Balance and boundaries
Earlier this year, the UK Chief Medical Officers put out a commentary on screen balance and stated that “Even though no causal effect is evident from existing research between screen-based activities, or the amount of time spent using screens, and any particular negative effect, it does not mean that there is no effect. It is still wise to take a precautionary approach.“ It would seem clear that finding a balance between offline activities and online activities would be the right approach.
One way that parents and carers can support their families in achieving a healthy and balanced digital diet is by getting ideas from the Digital 5 a Day framework announced by the UK Children’s Commissioner: Connect, Be Mindful, Be Active, Give to Others, Get Creative. And it works for parents too!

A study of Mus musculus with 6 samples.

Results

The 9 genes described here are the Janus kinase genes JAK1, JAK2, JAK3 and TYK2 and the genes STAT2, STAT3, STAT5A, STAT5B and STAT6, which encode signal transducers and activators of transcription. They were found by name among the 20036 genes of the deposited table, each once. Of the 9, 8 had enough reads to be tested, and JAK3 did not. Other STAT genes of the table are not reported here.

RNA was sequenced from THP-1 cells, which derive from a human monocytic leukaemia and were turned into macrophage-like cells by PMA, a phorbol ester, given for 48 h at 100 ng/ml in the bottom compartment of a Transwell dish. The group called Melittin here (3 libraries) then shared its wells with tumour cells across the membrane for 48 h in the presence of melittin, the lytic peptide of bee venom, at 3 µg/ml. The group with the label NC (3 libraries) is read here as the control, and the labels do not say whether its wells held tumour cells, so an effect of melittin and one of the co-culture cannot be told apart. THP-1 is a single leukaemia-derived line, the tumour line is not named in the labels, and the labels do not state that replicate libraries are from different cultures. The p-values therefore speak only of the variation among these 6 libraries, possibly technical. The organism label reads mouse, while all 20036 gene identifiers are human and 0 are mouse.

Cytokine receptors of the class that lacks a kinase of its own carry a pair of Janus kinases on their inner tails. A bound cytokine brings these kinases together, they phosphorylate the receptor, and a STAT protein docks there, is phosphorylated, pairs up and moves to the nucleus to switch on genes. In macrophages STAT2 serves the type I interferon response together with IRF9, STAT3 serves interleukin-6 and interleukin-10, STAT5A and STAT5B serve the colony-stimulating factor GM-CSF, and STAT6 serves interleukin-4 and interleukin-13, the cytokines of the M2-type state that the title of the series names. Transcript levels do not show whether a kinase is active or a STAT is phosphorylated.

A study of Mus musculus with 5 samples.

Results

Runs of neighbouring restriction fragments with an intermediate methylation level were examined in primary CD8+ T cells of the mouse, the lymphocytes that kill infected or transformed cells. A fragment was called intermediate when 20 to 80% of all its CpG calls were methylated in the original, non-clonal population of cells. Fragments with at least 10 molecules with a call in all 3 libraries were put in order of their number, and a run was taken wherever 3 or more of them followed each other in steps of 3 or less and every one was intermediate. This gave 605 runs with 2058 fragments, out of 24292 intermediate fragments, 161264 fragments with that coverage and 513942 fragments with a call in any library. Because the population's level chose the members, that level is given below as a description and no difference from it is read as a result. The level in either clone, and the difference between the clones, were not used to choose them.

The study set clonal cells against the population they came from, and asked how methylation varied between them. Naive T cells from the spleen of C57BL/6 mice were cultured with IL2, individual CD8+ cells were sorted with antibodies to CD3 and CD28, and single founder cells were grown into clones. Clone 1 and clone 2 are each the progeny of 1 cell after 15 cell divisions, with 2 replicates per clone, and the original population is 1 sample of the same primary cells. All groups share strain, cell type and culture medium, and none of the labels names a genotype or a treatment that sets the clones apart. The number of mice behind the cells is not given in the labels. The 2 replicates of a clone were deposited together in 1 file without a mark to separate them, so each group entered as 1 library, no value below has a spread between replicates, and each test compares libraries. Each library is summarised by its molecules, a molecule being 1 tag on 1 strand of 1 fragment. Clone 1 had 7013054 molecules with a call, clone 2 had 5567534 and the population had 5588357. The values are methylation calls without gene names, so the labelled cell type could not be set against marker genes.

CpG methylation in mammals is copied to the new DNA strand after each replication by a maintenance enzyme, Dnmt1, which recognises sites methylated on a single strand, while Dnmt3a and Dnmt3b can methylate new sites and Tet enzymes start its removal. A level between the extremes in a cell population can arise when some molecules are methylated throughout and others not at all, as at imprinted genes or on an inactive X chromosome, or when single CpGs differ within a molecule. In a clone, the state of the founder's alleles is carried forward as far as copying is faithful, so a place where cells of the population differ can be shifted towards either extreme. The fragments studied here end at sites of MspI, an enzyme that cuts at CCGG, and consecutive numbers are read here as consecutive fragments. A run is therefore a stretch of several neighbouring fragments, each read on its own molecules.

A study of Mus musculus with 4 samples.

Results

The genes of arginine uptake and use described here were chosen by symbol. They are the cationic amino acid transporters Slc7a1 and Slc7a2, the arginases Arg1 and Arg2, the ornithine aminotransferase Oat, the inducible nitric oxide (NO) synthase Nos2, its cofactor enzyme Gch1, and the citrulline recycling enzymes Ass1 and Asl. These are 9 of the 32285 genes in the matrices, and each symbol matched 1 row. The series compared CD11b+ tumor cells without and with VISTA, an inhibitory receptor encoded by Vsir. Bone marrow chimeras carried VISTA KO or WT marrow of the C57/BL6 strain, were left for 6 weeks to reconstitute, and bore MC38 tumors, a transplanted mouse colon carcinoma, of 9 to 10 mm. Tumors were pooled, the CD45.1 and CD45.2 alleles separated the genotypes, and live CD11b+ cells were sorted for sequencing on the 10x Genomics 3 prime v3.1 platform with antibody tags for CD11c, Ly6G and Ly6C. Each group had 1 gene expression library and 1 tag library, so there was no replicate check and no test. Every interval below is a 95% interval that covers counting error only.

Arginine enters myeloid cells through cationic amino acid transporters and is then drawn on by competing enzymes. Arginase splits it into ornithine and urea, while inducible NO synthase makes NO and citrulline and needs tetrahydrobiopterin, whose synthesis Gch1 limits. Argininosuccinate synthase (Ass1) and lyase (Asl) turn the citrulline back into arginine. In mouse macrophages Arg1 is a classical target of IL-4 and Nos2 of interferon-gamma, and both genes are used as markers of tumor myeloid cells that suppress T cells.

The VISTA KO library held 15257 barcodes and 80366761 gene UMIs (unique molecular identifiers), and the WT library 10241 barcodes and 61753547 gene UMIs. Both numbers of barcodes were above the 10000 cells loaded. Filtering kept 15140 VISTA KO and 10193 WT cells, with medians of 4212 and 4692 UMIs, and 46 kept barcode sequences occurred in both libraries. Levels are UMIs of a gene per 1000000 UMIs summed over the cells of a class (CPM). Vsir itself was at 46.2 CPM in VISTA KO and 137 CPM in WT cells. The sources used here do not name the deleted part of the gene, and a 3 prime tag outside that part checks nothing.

Critical thinking and communication
So you like the latest devices and want to introduce them into your family? Not a problem, but engage in some critical thinking first: Who can this device benefit? Harm? What is the best-case scenario if I purchase this for my family? Worst-case scenario? Where can I go to learn more about the safety and privacy settings for the device? About the features of the device? When should our family be device-free?
Feel free to add other questions but be sure to dig in and ask yourself and your family the tough questions. And as always, communication is key – ask your children how they are doing before, during and after involvement with the device (or app or new game).
However, you decide to integrate technology into your family, you can achieve balance and set boundaries that will work for you. And critical thinking and communication will help you maintain that balance.